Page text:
The Cable’s Josh Rogin shared an open secret in an edition last week, namely that Secretary of State Hillary Clinton does not plan to continue in the Obama administration should the president win a second term in office. A post-Clinton Foggy Bottom is a real concern for Southeast Asia.
Southeast Asia’s worry is this: Clinton and Assistant Secretary of State Kurt Campbell clearly saw the need and opportunity to engage the region, and they grasped it — firmly and decisively. The timing could not have been more important.
An ascendant China was naturally bound to test the limits of the regional influence it garnered during its effective charm offensive, kicked off after the Asian financial crisis at the end of the 1990s.
Beijing tested its power by asserting its sovereignty and ‘core interests’ in the South China Sea, taking on Tokyo over the Senkaku and Diaoyu Islands. Southeast Asia’s atavistic anxieties were immediately triggered, and it sought strong and enduring signals of US commitment and engagement in the region. Clinton and her Asia team, led by Campbell and supported strongly by Jeff Bader and his Asia directorate at the National Security Council, responded.
They signed the Treaty of Amity and Cooperation (TAC); forthrightly articulated an engagement strategy with Burma, which allowed the United States to have a place at the table with the Association of Southeast Asian Nations (ASEAN); and immediately institutionalised that opening with the US-ASEAN Leaders Meeting and by joining the East Asia Summit, with clear guidance from Clinton that the United States saw ASEAN as ‘the fulcrum’ of emerging regional architecture.
Additional steps have been taken by the State and Defence Departments to shore up traditionally weaker relationships in Indonesia and Vietnam, as well as welcoming the warm embrace from Prime Minister Najib Razak in Malaysia to reinforce ties and take them to a new political level. Importantly, the United States has climbed back into the trade game — or is leaning in that direction at least — through reinvigorating the Korea-US Free Trade Agreement (KORUS) and putting its backing behind the Trans-Pacific Partnership (TPP).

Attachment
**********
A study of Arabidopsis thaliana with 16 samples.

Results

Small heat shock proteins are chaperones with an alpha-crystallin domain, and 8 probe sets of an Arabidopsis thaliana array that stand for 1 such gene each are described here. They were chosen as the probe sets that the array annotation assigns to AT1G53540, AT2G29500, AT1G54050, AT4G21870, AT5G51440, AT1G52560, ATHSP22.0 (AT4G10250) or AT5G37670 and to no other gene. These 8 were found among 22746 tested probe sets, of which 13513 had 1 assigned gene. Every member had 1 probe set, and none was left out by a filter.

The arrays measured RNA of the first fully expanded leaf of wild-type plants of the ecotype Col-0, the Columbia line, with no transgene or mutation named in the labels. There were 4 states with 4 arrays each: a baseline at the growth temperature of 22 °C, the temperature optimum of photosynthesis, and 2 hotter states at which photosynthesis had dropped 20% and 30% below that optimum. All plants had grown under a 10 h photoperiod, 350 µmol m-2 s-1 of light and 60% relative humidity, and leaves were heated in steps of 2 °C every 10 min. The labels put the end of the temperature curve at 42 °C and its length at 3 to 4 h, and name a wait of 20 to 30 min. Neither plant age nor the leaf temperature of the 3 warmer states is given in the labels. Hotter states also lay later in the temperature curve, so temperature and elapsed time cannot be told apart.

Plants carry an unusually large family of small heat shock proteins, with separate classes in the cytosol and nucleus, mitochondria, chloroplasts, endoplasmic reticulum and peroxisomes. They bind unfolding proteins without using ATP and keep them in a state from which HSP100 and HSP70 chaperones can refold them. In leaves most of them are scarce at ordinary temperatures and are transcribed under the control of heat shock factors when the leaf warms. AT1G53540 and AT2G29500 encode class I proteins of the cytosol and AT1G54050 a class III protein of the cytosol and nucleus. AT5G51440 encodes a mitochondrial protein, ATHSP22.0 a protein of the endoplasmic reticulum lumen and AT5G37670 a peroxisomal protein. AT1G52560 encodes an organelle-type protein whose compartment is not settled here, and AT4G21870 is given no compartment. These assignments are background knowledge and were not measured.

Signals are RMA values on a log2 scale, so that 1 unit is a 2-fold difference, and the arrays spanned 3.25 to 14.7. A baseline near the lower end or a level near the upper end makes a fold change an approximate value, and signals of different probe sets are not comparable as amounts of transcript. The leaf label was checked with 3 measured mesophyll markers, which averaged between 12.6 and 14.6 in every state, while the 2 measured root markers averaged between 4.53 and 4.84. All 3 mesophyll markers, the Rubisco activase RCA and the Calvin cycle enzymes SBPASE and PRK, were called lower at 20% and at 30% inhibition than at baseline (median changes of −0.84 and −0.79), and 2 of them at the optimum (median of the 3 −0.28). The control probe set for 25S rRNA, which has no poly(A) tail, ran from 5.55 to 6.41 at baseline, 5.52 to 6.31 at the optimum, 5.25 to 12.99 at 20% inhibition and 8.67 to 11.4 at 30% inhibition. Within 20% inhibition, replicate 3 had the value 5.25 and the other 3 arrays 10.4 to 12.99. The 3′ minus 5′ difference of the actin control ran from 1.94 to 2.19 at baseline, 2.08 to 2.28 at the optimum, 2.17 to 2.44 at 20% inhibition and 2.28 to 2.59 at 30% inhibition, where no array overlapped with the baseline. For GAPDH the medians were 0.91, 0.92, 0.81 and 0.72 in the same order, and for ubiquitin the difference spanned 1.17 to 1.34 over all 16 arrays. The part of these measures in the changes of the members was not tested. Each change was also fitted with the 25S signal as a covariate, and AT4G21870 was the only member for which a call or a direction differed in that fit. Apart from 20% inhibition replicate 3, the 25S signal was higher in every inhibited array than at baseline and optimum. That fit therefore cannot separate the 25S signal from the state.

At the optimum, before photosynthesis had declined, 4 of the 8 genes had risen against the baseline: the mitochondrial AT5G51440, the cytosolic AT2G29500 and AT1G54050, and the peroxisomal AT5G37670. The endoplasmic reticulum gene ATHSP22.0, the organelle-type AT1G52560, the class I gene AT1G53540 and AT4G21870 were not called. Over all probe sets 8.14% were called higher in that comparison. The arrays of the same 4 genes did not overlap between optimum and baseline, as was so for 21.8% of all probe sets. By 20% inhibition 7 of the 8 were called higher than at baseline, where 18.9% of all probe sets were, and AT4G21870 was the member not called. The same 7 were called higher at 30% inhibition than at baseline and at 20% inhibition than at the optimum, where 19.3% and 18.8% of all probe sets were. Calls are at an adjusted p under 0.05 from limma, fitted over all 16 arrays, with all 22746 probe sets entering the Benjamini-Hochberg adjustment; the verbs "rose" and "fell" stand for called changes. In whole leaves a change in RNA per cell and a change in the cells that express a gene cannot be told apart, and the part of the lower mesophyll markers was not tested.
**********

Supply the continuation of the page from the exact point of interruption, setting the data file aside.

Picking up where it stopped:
The effect of these collective actions has been impressive, but the question ASEAN is asking now is will the United States sustain its engagement through an enduring strategic focus and institutionalise that engagement? Is the current level of focus dependent on a highly committed Secretary Clinton and her super-motivated Asia team led by Assistant Secretary Campbell?
The region would welcome further signals of commitment and specifically wants to see the United States institutionalize its presence in the region. At a time when Congress seems divided along partisan lines, and some members so narrowly focused on trimming deficits that national interests may come in second, there is reason for concern.
The unimaginably tragic events in Japan will only heighten Southeast Asia’s concerns about long-term US commitment. Secretary Clinton should seal her legacy as ‘the Pacific secretary’ by working with Congress, civil society, the business community, and the administration to put enduring institutions in place to underpin the US commitment to a region of the world that is vital to our long-term national security and economic interests.
Ernest Bower is a senior adviser and director of the Southeast Asia Program at the Centre for Strategic and International Studies in Washington, D.C.
Author: Ernest Bower, CSIS
This post was originally published on the Centre for Strategic and International Studies’ blog on the 17th of March, 2011.